Grandmother, florist may lose her business and home for declining gay wedding

Yakima, Wash., Feb 20, 2015 / 04:01 pm (CNA/EWTN News).- If you walk into Barronelle Stutzman’s floral business, you’re probably going to get a hug. She puts her heart into her work, from making beautiful arrangements to making customers feel like family.  

“The joy of being here for so long is you get to know people personally,” she said in a recent interview with Alliance Defending Freedom (ADF). “I don’t consider the people that walk in the door customers, they’re just people who want something to please someone else and that’s my job.”

But that all might soon be taken away from her.
 
The 70 year-old grandmother and sole owner of Arlene’s Flowers and Gifts in Richland, Wash. found herself the target of two lawsuits after she declined to make floral arrangements for the same-sex wedding of one of her long-time customers, Robert Ingersoll. He and his partner, Curt Freed, took the case to court. The state of Washington soon followed, filing a suit after hearing about the story in the media.  
 
It’s been a difficult road. A state judge ruled Feb. 18 that Stutzman must provide full support for same-sex weddings, even though they are contrary to her Christian faith. According to the court, Stutzman’s referral of a long-time customer to other businesses for floral arrangements for a same-sex ceremony violated Washington law. Both the state and the couple are seeking damages from Stutzman which would ruin her personally and professionally.

ADF attorneys will appeal the rulings – rulings which contradict the views of most Americans on the subject, according to a new AP-GfK poll.   

Stutzman didn’t think it would come to this. She considers Rob a friend – he’s been patronizing her business for nine years, and they clicked over their shared creativity.

“He has a very creative mind and so we just sort of hit it off,” Stutzman told ADF. She has even provided flower arrangements for Rob’s partner in the past. But when he approached her about his upcoming wedding, she paused because of her beliefs.

“That was a real struggle to decide what to do with that,” she said. “My husband and I talked it over and you know, as much as I love Rob, I just couldn’t be a part of that.”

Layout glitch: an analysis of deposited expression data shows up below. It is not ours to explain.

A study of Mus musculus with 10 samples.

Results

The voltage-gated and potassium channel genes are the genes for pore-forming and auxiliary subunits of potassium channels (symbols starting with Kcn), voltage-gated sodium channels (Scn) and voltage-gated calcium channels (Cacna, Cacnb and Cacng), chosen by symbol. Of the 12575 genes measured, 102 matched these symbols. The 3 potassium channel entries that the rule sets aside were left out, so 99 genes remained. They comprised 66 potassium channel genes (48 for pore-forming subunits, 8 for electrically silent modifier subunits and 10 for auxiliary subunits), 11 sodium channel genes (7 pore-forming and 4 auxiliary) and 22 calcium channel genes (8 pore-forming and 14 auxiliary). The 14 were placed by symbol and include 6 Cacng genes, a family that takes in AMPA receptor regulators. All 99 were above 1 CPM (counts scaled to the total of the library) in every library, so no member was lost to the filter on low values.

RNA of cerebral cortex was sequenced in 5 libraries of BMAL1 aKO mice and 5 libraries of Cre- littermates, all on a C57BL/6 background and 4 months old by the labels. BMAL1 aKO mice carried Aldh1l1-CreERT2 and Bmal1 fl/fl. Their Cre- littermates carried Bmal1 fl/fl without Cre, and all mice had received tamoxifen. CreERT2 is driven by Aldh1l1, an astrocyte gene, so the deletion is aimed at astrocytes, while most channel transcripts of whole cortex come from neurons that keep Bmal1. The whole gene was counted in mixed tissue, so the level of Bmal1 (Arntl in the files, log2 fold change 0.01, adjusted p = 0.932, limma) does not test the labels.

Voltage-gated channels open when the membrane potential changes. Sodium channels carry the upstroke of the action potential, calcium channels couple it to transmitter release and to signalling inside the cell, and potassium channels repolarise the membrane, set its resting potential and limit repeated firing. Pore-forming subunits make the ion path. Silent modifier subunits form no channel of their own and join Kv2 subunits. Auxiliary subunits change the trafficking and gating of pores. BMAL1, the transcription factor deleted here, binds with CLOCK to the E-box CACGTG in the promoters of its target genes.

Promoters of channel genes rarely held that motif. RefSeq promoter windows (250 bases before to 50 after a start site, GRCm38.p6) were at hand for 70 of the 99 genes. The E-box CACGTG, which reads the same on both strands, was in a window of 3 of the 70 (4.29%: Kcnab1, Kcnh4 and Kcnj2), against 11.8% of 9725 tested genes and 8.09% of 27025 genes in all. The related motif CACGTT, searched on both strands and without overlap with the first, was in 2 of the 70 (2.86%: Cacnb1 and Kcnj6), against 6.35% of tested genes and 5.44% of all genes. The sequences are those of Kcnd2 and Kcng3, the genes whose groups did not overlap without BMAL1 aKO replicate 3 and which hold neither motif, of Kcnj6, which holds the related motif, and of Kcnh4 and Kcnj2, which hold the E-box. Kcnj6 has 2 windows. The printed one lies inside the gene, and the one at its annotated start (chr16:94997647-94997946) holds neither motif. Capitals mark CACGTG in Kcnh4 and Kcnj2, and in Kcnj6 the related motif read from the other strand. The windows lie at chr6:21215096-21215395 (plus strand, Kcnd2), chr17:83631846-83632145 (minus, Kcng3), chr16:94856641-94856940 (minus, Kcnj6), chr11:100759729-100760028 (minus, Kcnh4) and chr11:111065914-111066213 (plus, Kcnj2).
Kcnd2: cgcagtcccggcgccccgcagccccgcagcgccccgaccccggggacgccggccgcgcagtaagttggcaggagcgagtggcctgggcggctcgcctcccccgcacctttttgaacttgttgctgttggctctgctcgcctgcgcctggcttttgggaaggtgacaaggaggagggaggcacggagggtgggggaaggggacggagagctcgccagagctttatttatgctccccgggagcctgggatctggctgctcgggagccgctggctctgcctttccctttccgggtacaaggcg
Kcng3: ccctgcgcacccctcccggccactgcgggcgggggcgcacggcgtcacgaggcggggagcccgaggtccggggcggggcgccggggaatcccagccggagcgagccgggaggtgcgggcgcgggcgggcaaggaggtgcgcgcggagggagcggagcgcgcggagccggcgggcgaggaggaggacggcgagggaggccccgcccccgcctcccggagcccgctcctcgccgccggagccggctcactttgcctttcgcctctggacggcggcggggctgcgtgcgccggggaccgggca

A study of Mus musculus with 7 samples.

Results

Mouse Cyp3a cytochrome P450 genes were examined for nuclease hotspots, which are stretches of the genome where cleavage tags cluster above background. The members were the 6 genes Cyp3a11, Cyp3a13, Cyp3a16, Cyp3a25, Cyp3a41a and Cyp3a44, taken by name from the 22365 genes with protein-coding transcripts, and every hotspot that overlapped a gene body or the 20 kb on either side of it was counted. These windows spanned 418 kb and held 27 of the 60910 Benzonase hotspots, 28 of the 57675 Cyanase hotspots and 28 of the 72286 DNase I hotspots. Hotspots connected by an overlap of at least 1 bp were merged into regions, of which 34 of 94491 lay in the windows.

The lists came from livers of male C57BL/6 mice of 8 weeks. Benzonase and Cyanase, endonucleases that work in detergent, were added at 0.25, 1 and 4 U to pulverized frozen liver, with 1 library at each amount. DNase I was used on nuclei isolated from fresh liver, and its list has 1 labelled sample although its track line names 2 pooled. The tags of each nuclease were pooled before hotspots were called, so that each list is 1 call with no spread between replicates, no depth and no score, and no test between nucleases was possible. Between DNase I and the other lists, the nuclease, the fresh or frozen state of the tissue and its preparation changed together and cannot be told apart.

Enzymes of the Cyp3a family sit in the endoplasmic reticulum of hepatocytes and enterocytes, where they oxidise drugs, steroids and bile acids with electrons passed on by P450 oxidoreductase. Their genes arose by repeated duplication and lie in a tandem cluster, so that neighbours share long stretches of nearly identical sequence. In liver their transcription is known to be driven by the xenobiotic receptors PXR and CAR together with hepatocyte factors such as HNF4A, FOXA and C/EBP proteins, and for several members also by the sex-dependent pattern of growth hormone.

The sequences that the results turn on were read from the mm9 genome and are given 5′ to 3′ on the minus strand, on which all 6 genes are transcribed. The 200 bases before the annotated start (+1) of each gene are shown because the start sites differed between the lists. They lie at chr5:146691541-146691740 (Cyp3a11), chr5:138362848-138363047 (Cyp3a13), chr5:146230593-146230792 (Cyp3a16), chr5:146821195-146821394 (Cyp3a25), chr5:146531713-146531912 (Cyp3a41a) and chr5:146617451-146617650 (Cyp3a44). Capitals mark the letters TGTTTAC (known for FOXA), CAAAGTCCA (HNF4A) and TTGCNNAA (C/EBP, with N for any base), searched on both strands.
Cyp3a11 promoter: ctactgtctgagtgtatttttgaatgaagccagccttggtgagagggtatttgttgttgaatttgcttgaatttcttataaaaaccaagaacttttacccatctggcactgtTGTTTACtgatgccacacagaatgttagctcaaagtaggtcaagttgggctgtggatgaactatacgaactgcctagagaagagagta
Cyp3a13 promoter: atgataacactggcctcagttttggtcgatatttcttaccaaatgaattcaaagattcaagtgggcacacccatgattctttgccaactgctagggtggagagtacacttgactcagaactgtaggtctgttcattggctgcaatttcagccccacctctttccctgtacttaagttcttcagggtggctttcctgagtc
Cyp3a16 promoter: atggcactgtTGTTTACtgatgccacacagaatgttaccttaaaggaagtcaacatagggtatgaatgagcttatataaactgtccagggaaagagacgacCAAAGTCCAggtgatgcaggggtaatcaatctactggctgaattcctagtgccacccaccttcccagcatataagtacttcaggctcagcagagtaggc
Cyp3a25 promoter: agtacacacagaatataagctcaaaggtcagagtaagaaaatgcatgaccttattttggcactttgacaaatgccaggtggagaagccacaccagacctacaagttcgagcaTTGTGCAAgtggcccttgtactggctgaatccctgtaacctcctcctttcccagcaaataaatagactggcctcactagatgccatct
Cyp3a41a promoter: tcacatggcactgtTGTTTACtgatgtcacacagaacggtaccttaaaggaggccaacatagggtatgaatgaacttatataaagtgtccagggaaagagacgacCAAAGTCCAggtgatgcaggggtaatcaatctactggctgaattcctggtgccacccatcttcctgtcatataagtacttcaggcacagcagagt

“It wasn’t something that I just flippantly said, ‘Oh I’m not going to do Rob’s wedding because he’s gay.’”
 
ADF seniour counsel Kristen Waggoner, who argued before the court in December, said the men in the case had plenty of other options when it came to floral arrangements. Once the story broke, they even had offers for free flowers pouring in for their wedding. But that wasn’t good enough for the couple, or for the state.

“Laws that are supposed to prohibit discrimination might sound good, but the government has begun to use these laws to hurt people – to force them to conform and to silence and punish them if they don’t violate their religious beliefs on marriage,” Waggoner said.

Stutzman is not a bigot, Waggoner added, as evidenced by the aforementioned flowers provided for other aspects of the couple’s relationship. This case is about marriage and free expression, and Stutzman considers her designs to be an extension of herself.  

“I think most artistic people, especially painters, they put their heart into their arrangements, it’s part of them, it’s part of who they are,” Stutzman said. “And I think it’s the same way for a florist.”

“A government that tells you what you can’t say is bad enough, but a government that tells you what you must say is terrifying,” Waggoner explained.
 
“The lesson from the court’s decisions is that you put your home, your family business, and your life savings at risk by daring to defy a government mandate that forces you to promote views you believe are wrong.”

There have been blessings and curses from the battle. There’s been a lot of hate mail. But there’s also been encouraging notes from total strangers, and a big lesson in following Christ.

“I have to have faith that he’s going to protect me and to give me the courage and the knowledge and the wisdom to stand firm on this,” Stutzman said.
 
“And also to help me understand what obedience is,” she said, fighting tears, “and what following Christ is. You can’t sit on the fence. Like he says, you can’t be lukewarm.”

Alliance Defending Freedom is a non-profit legal organization that advocates for the right of people to freely live out their faith. Attorney Alicia M. Berry of Liebler, Connor, Berry & St. Hilaire is assisting with the case and is one of more than 2,500 private attorneys allied with ADF.